The NC Department of agriculture has issued a burn ban in Cumberland County, and 25 other NC counties. The North Carolina ban is in place “due to hazardous forest fire conditions.”

Cumberland County Fire Marshal Kevin Lowther has implemented the ban starting at noon today, for all fires and burn permits in the area until further notice. The ban does not apply “to fires started within 100 feet of an occupied dwelling,” a County release said. It also does not include grills or barbecues. Those are still allowed.

“Emergency Services made this decision based on our rating for fire danger and how hot and dry the weather has been,” Lowther said. “Cumberland County currently is at a high risk.”

The release said: “It is extremely important to refrain from all open burning as we are experiencing such dry weather.”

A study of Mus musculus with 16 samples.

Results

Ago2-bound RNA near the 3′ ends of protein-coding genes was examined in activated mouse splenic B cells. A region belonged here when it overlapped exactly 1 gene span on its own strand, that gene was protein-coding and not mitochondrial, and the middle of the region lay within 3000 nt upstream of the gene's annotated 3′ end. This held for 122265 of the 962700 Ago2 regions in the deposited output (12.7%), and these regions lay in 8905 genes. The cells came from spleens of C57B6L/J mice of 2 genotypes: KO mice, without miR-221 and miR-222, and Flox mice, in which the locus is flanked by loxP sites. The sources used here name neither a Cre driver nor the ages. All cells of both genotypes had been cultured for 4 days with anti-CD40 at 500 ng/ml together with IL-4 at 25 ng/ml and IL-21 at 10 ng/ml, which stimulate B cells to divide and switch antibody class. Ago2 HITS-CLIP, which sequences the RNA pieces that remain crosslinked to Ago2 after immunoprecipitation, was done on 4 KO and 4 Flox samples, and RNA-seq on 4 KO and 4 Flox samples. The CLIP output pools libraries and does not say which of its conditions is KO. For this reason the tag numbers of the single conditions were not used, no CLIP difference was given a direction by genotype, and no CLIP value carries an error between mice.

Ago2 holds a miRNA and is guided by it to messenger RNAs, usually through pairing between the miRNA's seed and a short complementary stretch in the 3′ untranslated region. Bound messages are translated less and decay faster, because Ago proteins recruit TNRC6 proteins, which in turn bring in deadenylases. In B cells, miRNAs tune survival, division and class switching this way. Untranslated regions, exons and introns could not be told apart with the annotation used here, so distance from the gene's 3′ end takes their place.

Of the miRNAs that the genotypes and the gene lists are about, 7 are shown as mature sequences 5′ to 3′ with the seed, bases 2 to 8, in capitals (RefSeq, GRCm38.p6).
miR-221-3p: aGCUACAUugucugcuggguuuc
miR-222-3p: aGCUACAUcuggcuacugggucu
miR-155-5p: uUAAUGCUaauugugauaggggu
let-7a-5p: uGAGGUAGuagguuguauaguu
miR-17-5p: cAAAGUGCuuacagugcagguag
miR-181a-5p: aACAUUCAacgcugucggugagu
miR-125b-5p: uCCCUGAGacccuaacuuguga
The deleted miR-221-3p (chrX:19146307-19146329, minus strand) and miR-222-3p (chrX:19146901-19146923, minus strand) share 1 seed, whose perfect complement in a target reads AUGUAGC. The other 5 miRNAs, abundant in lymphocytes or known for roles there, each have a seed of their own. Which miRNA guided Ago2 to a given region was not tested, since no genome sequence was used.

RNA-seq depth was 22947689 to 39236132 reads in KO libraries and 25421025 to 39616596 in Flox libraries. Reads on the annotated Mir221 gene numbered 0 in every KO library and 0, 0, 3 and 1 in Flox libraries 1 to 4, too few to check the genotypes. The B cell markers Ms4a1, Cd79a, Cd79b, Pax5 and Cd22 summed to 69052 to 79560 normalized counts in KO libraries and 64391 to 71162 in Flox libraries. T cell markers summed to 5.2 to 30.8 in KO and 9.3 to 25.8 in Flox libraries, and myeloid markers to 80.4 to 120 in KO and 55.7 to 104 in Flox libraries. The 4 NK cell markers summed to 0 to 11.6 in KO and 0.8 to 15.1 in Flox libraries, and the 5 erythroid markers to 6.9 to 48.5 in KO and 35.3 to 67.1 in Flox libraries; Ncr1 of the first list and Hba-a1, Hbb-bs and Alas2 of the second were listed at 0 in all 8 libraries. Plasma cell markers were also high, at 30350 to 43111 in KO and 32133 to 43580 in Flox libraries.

The burn ban for NC counties is for: Anson, Beaufort, Bladen, Brunswick, Carteret, Columbus, Craven, Cumberland, Duplin, Greene, Harnett, Hoke, Jones, Lee, Lenoir, Moore, New Hanover, Onslow, Pamlico, Pender, Pitt, Richmond, Robeson, Sampson, Scotland and Wayne.

“Our state is getting drier and hotter, and wildfires like those conditions,” said Agriculture Commissioner Steve Troxler. “These conditions coming during spring wildfire season when wildfire activity and fire risks are already elevated, make this burn ban necessary to protect life and property in North Carolina.”

According to the NC Forest Service, “Under North Carolina law, the ban prohibits all open burning in the affected counties, regardless of whether a permit was previously issued. The issuance of any new permits has also been suspended until the ban is lifted. Anyone violating the burn ban faces a $100 fine plus $183 court costs. Any person responsible for setting a fire may be liable for any expenses related to extinguishing the fire.”

Open burning includes burning leaves, branches or other plant material. In all cases, burning trash, lumber, tires, newspapers, plastics or other nonvegetative material is illegal.